Novice unearths gold nugget
An amateur prospector has made the find of a lifetime, unearthing a gold nugget weighing about 5kg, reports said yesterday. The Y-shaped deposit was found with a hand-held metal detector at a depth of a little more than 60cm, a video posted on YouTube showed. The find, made on Wednesday at a popular prospecting site outside Ballarat, 110km from Melbourne, was confirmed by the owner of the town’s gold shop, Cordell Kent. “A lot of people think Victoria’s goldfields are dead and that there’s none left, but he [the prospector] has worked in an area where a lot of people have worked in the past, but he persisted and he’s been rewarded,” said Kent, of the Mining Exchange Gold Shop. Kent said the 177-ounce nugget, which he was working to find a buyer for, was among the biggest he had seen in 20 years in the gold business.
Waves of Rohingya arrive
More than 130 Rohingya migrants have landed on Thai soil in less than 24 hours, a local official said yesterday, as the kingdom grapples with a flurry of arrivals from the Myanmar minority group. About 88 Rohingya came ashore at Phra Thong Island in the south of the country on Wednesday in full view of TV cameras, Kuraburi District chief for Manit Pienthong said. Another 48 landed on the Andaman sea island yesterday morning claiming they were Royingya, Manit said, adding they were sent to immigration officials in the provincial capital of Phangnga to start the process of returning them to Myanmar.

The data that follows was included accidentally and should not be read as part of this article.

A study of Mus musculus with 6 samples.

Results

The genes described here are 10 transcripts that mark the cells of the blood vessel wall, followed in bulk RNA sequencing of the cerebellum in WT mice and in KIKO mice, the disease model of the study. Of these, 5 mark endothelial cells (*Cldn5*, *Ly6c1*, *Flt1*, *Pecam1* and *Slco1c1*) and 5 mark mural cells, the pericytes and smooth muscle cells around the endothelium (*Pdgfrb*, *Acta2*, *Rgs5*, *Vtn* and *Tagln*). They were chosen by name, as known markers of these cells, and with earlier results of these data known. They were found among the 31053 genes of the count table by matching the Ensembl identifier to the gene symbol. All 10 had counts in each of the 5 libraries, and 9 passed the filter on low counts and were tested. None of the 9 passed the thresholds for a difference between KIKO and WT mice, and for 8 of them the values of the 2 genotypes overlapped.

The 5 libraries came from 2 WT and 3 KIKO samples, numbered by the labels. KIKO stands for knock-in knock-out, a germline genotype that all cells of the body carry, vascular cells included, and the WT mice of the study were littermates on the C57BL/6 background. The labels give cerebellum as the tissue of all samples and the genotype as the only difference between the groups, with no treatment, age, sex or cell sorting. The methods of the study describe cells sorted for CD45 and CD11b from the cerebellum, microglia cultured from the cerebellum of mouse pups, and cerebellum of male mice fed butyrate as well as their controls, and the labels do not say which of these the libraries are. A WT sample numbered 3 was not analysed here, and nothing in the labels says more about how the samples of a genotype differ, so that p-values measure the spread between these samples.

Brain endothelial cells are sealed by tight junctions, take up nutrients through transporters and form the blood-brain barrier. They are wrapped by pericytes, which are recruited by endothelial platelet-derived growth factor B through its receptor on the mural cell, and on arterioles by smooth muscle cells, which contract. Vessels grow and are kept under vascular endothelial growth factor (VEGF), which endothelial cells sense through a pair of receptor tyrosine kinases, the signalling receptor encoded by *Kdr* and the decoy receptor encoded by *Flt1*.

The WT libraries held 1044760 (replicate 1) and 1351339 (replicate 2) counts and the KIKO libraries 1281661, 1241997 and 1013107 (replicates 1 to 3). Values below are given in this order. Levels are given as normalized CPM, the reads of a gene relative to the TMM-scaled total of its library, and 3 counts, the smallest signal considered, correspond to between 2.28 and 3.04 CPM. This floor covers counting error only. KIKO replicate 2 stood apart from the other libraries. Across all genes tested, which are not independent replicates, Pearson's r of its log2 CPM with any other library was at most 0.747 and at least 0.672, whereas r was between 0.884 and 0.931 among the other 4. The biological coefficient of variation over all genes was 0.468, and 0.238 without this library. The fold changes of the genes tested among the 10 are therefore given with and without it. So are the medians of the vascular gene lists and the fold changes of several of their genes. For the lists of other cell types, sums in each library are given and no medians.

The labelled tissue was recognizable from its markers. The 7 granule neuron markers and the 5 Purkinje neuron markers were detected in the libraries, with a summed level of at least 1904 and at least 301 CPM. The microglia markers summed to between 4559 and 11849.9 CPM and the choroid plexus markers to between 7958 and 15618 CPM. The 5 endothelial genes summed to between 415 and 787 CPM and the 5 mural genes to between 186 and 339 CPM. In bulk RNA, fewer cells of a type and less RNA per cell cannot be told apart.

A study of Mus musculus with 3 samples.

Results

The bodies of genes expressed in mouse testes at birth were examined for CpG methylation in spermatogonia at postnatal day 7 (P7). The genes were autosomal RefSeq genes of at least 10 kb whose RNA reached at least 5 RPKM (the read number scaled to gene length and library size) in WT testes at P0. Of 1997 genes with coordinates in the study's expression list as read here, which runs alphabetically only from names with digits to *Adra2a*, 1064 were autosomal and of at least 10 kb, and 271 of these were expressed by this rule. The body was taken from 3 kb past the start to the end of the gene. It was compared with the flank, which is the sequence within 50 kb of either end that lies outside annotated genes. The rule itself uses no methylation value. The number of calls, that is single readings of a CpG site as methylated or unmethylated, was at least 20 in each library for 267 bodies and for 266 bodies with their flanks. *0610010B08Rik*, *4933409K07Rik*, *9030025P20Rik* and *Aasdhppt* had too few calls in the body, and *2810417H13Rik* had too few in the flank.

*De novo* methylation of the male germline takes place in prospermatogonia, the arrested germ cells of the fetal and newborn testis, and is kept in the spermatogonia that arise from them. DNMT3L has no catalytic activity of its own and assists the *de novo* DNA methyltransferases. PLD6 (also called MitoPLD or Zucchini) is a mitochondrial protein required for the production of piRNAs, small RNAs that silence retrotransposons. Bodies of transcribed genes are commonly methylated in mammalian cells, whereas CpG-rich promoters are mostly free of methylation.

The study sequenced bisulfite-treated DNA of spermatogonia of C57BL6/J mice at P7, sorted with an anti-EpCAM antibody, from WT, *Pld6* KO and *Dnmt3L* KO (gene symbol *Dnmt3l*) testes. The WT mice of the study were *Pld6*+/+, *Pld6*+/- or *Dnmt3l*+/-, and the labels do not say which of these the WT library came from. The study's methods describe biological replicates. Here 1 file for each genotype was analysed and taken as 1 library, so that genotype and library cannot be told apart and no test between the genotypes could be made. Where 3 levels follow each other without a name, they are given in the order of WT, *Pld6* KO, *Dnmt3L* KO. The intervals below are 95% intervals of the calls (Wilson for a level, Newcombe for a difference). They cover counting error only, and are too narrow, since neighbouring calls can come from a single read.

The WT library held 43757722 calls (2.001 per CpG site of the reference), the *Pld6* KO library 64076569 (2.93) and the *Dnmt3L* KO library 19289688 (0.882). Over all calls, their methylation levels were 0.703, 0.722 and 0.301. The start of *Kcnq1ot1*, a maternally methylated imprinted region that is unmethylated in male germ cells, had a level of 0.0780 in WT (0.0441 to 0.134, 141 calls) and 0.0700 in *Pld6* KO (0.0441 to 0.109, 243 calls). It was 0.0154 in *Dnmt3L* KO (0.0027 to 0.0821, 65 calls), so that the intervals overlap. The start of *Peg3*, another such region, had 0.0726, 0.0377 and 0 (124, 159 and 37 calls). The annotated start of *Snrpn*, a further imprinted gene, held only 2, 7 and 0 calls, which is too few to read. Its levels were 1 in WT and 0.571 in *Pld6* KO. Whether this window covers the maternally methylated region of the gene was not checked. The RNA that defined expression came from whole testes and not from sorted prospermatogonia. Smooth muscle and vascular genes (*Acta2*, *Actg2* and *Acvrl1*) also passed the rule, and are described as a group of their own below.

US ship stuck on reef
The US Navy said one of its ships has run aground on a coral reef, but that the crew is safe. It is not clear if the ship caused damage to the coral reef. The navy says the crew of the minesweeper USS Guardian is working to determine the best method of safely extracting the ship. It got stuck yesterday at the Tubbataha National Marine Park, a World Heritage Site in the Sulu Sea, 640km southeast of Manila. The ship had just completed a port call in Subic Bay, a former US naval base west of the capital. The Guardian is deployed in Japan.
Nuclear reactor shuts down
A nuclear reactor shut down yesterday due to a technical malfunction, the latest in a series of glitches that have raised public safety concerns. The Uljin-1 reactor, 330km southeast of Seoul, was tripped off by what a spokesman for the Korea Hydro and Nuclear Power Co said appeared to be a faulty gauge. It was the second time in less than six months that the same reactor has automatically shut down, and two other reactors at separate plants did the same in October because of unspecified systems malfunctions.
Red Shirt leader jailed
A court has sentenced a leader of the Red Shirt political movement to two years in prison for a speech judged to have insulted the monarchy. The court ruled yesterday that Yoswarit Chuklom, 54, made a speech insulting the monarchy at a political rally in 2010. The Red Shirts took to the streets in 2010 in political protests that ended with deadly clashes with the military. Yoswarit, one of the group’s leaders, is now an adviser to a Cabinet minister. Yoswarit has requested bail and intends to appeal. The country’s lese majeste law has been criticized as a violation of free speech. It mandates a jail term up to 15 years for anyone who “defames, insults, or threatens the king, the queen, the heir-apparent, or the regent.”